USF professor helping educate teen mothers in the Bahamas
Posted at 9:59 PM, Jun 07, 2022
and last updated 2022-06-07 23:22:06-04

TAMPA, Fla. — Dr. Ruthmae Sears has a knack for numbers.

"I'm an associate professor at the University of South Florida," she said.

When she saw the rising number of teen moms being kicked out of schools in her home country of the Bahamas, she had to get involved.

"I got involved with the pace program after graduating with my Master's degree and due to my desire to promote equitable outcomes, particularly in mathematics and numeracy," she said.

The PACE program, founded in 1969, helps provide education, life skills, prenatal support and more to young women — where education often stops at whatever age they get pregnant.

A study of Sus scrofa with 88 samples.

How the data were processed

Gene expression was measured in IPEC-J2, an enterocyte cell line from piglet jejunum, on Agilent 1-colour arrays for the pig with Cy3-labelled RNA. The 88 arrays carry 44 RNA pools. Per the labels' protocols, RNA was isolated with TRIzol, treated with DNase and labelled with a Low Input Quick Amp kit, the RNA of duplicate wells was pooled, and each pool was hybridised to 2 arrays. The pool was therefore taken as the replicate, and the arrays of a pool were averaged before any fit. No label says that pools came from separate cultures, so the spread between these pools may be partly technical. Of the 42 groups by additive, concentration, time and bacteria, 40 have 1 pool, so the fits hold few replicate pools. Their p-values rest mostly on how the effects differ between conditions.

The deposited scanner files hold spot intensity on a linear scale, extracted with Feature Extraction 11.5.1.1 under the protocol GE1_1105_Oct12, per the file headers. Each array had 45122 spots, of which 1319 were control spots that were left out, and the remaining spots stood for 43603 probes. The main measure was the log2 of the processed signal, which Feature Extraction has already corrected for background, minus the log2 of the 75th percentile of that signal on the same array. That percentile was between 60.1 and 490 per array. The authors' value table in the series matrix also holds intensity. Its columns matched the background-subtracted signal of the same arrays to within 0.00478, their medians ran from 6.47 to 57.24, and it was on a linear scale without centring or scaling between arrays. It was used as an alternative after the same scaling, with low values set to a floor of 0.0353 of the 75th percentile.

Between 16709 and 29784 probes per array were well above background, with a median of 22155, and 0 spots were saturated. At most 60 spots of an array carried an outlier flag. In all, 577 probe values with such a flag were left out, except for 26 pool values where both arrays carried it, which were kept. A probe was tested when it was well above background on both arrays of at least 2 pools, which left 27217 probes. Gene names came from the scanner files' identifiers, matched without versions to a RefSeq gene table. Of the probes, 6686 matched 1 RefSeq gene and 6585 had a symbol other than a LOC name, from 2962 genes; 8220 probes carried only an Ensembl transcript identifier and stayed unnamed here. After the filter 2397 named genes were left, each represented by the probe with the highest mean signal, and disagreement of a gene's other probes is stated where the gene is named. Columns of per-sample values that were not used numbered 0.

They're young women like Allanelle Nairn-Williams, who went through the program herself.

"Over here you cannot be in school and be pregnant," she said. "I actually graduate high school, and then I went on to get my Bachelor's in accounting and now I'm currently in the business field."

Dr. Sears has been teaching with the school for more than 10 years. She said one of the program's main goals is to break cycles.

"Without knowledge, this can actually repeat itself," she said.

A leader with the PACE program's foundation agrees.

"If we have a teenager who is a parent who is incapable, and who doesn't have a high school diploma as a baseline," Sonia Brown said. "How is that person supposed to escape poverty, especially, let me add this, in a developing country?"

In the end, Dr. Sears said the work, and successes of their graduates are all a labor of love.

"It helps me to reflect on the power of love," she said.

Leaders with the PACE program also say that they're now looking to expand and provide education and support to teen fathers in the Bahamas.